Hey folks. It’s been a while. I’ve been running our charter business in the USVI. The other night, I emailed Dudley Dix about getting the DXF files for the Oppikat (discussed above) and he told me that they’ve recently added the Bigakat 12! This is basically the equivalent of a Hobie Wave that you can home build. It’s big enough for a small family to all go out together. It’s also strategically designed so that you can build one hull, remove the temporary frames to build the second hull. These hulls are ideally suited for making on a CNC machine. I’m still in the process of deciding/building my CNC machine, so I’m going to go the router template route. Here’s the link and some pics. I’m about to send him some $ via PayPal. I’m hoping to be one of the first build blogs/YouTube videos. Check out Midnight-Maker.com and YouTube.com/c/MidnightMaker for future developments. I’m going to call mine the pHauxbieCat!
Subscibed to you channel! This is great, can’t wait…
Hi, I am a new member of this forum. I’m french with a bad english language level… but I want to share with your community !
I am a boat builder (for hobby and a little bit profesional yet).
I project seriously to buy a Maslow cnc but I doubt about the accuracy of the cnc cut.
I design my own boat to no have problem with copiright. I have built small sail and raw dinghies. I am building a clinker plywood canoe now (something like the sassafras of clc boat) .
I design with Rhino. I like Rhino because it lets me a lot of creative work and it can unfold my panel. It’s not very hard to design a small boat.!
Really, somebody think that Maslow CNC can cut precisely (1 mm) a panel ?
Thanks (and sorry for my english )
Welcome to our group. The Maslow is a kit and each build will have a slightly diffrent accuracy. The goal as I understand it is to get accuracy of 5mm, however the accuracy is variable depending on the location. The Maslow is most accurate towards the center of the CNC. There are many ways to use it. People here have used it to make boats. I’m told making up the differences is just part of boat building.
Bienvenue dans notre groupe. Le Maslow est un kit et chaque construction aura une précision légèrement différente. Si j’ai bien compris, l’objectif est d’obtenir une précision de 5 mm. Toutefois, la précision varie en fonction de l’emplacement. Le Maslow est plus précis vers le centre de la CNC. Il y a plusieurs façons de l’utiliser. Les gens ici l’ont utilisé pour fabriquer des bateaux. On me dit que faire la différence n’est qu’une partie de la construction de bateaux.
J’espère que ça aide
Je vous remercie
En cours d’exécution via google traduction
I hope this helps
Running this through google translate
the goal is ~0.5mm
Was Dudley Dix willing to supply the DXF files to his bought plans? I own his Cape Cutter 19 plans and the mylar patterns to hand cut the plywood and until I discovered the MaslowCNC. Now thinking about approaching him for the DXFs so I could potentially use the Maslow (which I’ve yet to buy - waiting to see what happens with the metal kit).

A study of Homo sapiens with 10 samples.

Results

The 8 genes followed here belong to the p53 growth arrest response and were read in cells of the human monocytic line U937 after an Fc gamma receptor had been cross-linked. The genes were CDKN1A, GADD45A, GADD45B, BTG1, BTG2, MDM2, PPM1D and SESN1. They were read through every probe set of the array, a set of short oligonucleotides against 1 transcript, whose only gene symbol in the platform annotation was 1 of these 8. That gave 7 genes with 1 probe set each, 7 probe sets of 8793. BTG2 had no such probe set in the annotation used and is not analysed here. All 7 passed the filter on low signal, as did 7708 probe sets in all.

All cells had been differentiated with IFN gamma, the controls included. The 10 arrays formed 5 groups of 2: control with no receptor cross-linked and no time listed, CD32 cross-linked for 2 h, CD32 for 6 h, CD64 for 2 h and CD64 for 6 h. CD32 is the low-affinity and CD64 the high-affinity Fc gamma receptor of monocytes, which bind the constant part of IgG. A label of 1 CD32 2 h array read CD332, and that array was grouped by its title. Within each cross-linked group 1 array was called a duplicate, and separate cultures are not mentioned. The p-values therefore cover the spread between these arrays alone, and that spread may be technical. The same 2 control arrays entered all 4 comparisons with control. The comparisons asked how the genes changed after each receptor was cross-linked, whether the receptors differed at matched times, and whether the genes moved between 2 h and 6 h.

That’s very cool! If you incorporate puzzle joints or scarf joints, that will allow you to cut shorter pieces, thereby staying closer to the center of the sweet spot. Welcome! Your English is WAY better than my French…
Yes, I believe he can provide DXF files for his plans, but I believe there is a surcharge. Check with him. He’s been very responsive to my inquiries in the past.
OK, I was affraid with 5 mm
Ok, my goal is to make any nice puzzle joints too. I don’t want to make juste small pièces in the center of the “sweet spot” ! Maslow cnc is a large format cnc… I understand accuracy is lower in the corner of the panel…
- Is it realist to imagine make a 3D puzzle joint like that ?
- How many times approximaly to cut a panel (marine plywood 5 mm) like that ?
2 hours ? 20 hours ?
Thanks a lot to help me to understand what I can hope with this fantastic cnc
many people are getting around 5mm (a little better than 1/4") but we are aiming
for sub-mm. Getting your machine that accurate is a lot of work.
This looks like a side view, please help me out.
The max feed-rate you can run will highly depend on your setup and the material.
- if your sheet is curved, no accurate Z
- ‘Chain alignment’ from sled to sprocket is a must
- no ‘chain guides’ on sled side (could disturb the math)
- check all measurements the calibration gives and ask how to change those if you feel like you trust yourself more.
Kind regards, Gero
Sorry, I am not very clear. The drawing above is the plankings (unfold) of a canoe. It’s an example of what I need to cut in a panel. I know that the machine is moving slowly on the panel. My question was whether such a cutting plan takes time to complete.
If the image represents the ply-sheet, a thickness of ?? 5 mm ?? can easy be done in 2-3 steps.
This is if the red lines in the pic represent the cuts.
I haven’t used my machine all that much, but my guess is that such a design with the long cuts like that would be ~5 hours to cut. I have a couple of questions. How thick would the material be? Are the red lines in the middle of each piece also being cut?
Anyone else want to guess?
Thanks for reply. The thickness is 5 mm okoumé plywood and the redline in the middle of each piece are not being to cut.